There were rallies, cheers and applause all around Ohio Wednesday. Supporters of same sex marriage applauded Supreme Court rulings that bolstered their cause and case.
There was a celebration outside Cleveland City Hall.
Reaction from the community and officials here are being more closely watched as the city prepares to host a big global event -- the Gay Olympics -- next year.
Mayor Frank Jackson said, "These decisions will help move our country in the right direction-towards ensuring that everyone has the right to marry whom they choose and receive the same benefits of legal marriage as do their neighbors, relatives and friends. These are good decisions for our community and our country."
Cuyahoga County Executive Ed FitzGerald said, "Today is simply an unequivocally a great day for our country...this decision is long overdue."
House Speaker John Boehner said, "While I am obviously disappointed in the ruling...a robust national debate over marriage will continue in the public square, and it is my hope that states will define marrriage as the union between one man and one woman."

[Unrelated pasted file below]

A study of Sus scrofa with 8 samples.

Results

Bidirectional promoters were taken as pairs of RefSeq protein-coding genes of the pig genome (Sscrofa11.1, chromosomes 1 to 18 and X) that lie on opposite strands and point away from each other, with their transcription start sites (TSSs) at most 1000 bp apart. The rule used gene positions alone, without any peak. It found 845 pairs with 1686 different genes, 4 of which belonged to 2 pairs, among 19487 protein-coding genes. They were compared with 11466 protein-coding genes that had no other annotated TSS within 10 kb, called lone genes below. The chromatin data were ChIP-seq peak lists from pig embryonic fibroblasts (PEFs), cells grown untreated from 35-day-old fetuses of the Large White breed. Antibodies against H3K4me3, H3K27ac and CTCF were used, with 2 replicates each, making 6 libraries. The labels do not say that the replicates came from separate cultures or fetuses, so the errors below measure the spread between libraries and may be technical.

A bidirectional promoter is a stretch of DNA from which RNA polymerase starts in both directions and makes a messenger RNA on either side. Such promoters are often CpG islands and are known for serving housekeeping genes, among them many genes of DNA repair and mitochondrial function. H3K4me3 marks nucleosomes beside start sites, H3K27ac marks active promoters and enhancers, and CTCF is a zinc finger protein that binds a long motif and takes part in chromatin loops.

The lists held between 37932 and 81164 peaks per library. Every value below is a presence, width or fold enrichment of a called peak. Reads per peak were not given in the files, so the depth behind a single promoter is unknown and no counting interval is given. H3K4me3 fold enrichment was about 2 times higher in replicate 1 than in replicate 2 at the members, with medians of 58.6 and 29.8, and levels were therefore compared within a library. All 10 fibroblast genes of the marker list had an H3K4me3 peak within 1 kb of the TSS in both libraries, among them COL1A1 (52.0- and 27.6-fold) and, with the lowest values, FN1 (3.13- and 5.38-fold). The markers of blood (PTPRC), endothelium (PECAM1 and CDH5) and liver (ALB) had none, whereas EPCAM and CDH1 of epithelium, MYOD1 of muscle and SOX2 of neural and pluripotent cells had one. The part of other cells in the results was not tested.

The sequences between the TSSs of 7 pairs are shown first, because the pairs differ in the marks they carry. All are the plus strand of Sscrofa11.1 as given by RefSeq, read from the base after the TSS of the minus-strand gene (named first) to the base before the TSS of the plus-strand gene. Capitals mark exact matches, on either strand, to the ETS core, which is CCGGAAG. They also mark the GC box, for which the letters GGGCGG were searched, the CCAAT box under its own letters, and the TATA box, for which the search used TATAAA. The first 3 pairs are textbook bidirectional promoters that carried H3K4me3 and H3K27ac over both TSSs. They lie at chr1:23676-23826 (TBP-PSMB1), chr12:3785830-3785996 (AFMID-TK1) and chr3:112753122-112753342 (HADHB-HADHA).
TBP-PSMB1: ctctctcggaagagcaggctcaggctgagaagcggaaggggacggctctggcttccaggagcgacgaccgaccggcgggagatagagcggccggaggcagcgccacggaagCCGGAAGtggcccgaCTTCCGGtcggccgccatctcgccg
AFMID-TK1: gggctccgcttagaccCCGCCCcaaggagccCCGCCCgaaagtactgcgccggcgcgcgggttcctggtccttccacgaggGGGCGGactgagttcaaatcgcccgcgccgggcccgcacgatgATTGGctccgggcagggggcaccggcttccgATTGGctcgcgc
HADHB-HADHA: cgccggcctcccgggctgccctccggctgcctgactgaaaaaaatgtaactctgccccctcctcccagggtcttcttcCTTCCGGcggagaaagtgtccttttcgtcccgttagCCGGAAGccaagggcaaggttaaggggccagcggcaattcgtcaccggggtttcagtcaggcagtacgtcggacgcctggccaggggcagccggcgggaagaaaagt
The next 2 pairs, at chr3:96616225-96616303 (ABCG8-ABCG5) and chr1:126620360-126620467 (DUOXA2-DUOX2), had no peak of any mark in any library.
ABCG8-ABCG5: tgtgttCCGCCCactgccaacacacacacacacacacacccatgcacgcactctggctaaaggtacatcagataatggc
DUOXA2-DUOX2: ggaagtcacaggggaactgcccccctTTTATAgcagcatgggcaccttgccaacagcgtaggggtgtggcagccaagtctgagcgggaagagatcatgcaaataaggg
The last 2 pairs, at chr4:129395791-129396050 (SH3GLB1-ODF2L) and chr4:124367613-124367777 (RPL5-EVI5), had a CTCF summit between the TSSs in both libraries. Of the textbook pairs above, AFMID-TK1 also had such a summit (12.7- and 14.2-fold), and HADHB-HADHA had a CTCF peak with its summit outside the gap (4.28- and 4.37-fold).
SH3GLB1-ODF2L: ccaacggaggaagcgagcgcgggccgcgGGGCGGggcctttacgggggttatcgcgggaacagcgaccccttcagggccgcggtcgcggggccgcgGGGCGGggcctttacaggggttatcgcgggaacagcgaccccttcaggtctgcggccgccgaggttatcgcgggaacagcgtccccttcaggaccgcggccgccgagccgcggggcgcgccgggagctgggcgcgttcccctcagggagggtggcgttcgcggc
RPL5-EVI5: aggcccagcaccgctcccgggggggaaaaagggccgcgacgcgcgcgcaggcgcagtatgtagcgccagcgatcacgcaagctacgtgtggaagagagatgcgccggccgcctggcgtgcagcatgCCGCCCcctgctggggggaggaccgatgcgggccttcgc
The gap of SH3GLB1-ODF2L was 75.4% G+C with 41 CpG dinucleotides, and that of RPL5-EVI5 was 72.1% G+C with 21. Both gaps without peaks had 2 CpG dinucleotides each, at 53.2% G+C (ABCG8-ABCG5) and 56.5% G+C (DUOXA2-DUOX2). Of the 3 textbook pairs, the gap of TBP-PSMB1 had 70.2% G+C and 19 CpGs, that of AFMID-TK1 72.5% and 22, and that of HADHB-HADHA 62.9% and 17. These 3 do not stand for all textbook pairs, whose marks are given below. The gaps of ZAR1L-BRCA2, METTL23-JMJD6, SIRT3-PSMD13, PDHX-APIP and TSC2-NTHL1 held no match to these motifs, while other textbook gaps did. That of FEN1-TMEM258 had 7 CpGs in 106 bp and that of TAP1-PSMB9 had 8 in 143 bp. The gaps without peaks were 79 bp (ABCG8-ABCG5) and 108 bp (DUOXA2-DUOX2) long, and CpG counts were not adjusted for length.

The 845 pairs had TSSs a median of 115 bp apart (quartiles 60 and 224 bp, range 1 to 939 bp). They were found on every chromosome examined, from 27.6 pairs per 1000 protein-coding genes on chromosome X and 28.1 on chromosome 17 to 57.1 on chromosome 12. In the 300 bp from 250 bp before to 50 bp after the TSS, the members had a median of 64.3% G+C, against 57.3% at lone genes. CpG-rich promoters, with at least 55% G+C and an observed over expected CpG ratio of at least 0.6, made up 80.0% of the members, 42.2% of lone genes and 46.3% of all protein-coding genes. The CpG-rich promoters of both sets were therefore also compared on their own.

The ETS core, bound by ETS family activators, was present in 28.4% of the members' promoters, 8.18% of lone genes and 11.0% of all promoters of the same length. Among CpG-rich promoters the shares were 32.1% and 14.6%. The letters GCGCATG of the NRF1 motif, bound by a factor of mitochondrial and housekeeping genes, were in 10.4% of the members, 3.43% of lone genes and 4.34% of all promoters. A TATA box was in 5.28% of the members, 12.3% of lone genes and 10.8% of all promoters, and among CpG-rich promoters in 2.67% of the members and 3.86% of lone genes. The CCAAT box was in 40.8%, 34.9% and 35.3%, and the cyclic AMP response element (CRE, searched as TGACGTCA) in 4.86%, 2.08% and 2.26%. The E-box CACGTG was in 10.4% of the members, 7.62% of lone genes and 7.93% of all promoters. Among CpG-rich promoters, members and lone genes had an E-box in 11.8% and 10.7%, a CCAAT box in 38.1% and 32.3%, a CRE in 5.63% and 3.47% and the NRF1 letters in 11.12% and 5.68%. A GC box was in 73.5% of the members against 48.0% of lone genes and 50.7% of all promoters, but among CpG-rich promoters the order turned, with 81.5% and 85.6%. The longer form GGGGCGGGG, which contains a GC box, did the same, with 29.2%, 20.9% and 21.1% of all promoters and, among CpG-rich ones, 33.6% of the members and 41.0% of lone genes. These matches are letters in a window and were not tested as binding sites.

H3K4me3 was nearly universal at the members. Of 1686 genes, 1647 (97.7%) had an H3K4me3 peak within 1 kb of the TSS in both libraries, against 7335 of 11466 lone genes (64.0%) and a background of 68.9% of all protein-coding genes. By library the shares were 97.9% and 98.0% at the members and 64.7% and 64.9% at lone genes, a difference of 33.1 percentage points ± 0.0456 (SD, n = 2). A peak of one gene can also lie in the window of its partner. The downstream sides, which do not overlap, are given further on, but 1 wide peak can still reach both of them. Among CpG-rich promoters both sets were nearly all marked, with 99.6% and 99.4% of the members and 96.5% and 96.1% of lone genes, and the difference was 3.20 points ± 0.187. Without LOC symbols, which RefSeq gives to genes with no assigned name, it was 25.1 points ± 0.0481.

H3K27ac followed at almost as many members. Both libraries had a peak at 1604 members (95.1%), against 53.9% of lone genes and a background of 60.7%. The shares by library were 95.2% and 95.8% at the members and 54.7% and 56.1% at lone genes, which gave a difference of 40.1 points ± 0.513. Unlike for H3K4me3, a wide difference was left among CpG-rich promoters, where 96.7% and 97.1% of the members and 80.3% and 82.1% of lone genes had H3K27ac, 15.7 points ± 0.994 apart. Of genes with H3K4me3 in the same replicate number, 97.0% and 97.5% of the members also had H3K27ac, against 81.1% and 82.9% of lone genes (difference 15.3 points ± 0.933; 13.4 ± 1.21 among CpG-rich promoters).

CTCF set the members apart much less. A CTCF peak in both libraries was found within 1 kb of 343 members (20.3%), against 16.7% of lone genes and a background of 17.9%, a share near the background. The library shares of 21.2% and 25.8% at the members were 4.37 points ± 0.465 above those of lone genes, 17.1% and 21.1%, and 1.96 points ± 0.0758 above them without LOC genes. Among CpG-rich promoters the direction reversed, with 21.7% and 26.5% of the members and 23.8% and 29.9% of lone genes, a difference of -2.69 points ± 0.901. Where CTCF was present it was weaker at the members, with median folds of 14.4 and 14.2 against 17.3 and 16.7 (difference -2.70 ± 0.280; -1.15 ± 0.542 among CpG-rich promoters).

But what is the immediate impact on gay couples in Ohio?
For now, the answer is a mixture of it's unclear and not much.
Ohio voters approved an amendment to the state constitution in 2004 banning recognizing gay marriages.
That's meant same gender couples in the Buckeye State do not have the right to be married and their marriages, even if performed in a state that allows them, are not recognized in Ohio.
And it's still not clear whether Wednesday's court ruling would let an Ohio couple married in a state where it's legal, like New York, come back and live in Ohio and still collect federal benefits.
Ohio is one of 39 states that doesn't issue gay couples marriage licenses.
Susan Jane Becker, a Cleveland Marshall College of Law professor and former ACLU chapter President, said," It's very uncertain right now...This is going to be a big issue."
FreedomOhio, the group that's been pushing to overturn Ohio's ban on same-sex marriage, is working to get an issue before voters. The target date is November 2014.
But for now FreedomOhio's co-founder Ian James says," I'm happy . I'm excited ...(but) the impact of the ruling is incredibly limited.
Polls show Ohio voters opinions on gay marriage is slowly shifting more in favor.
But Ohio Senator Rob Portman lost supporters in the conservative wing of the Republican party when he recently endorsed gay marriage because his son is gay.
Some called that a bait and switch, despite Portman's consistent votes on conservative concerns, like abortion and gun control.
Supreme Court rulings on hot-button issues reenergize both winning and losing sides.
It all means Ohio's gay marriage movement is picking up momentum. And the Supreme Court rulings add to that.
But an emotional red versus blue debate about whether Ohio should accept same sex marriages will heat up very soon.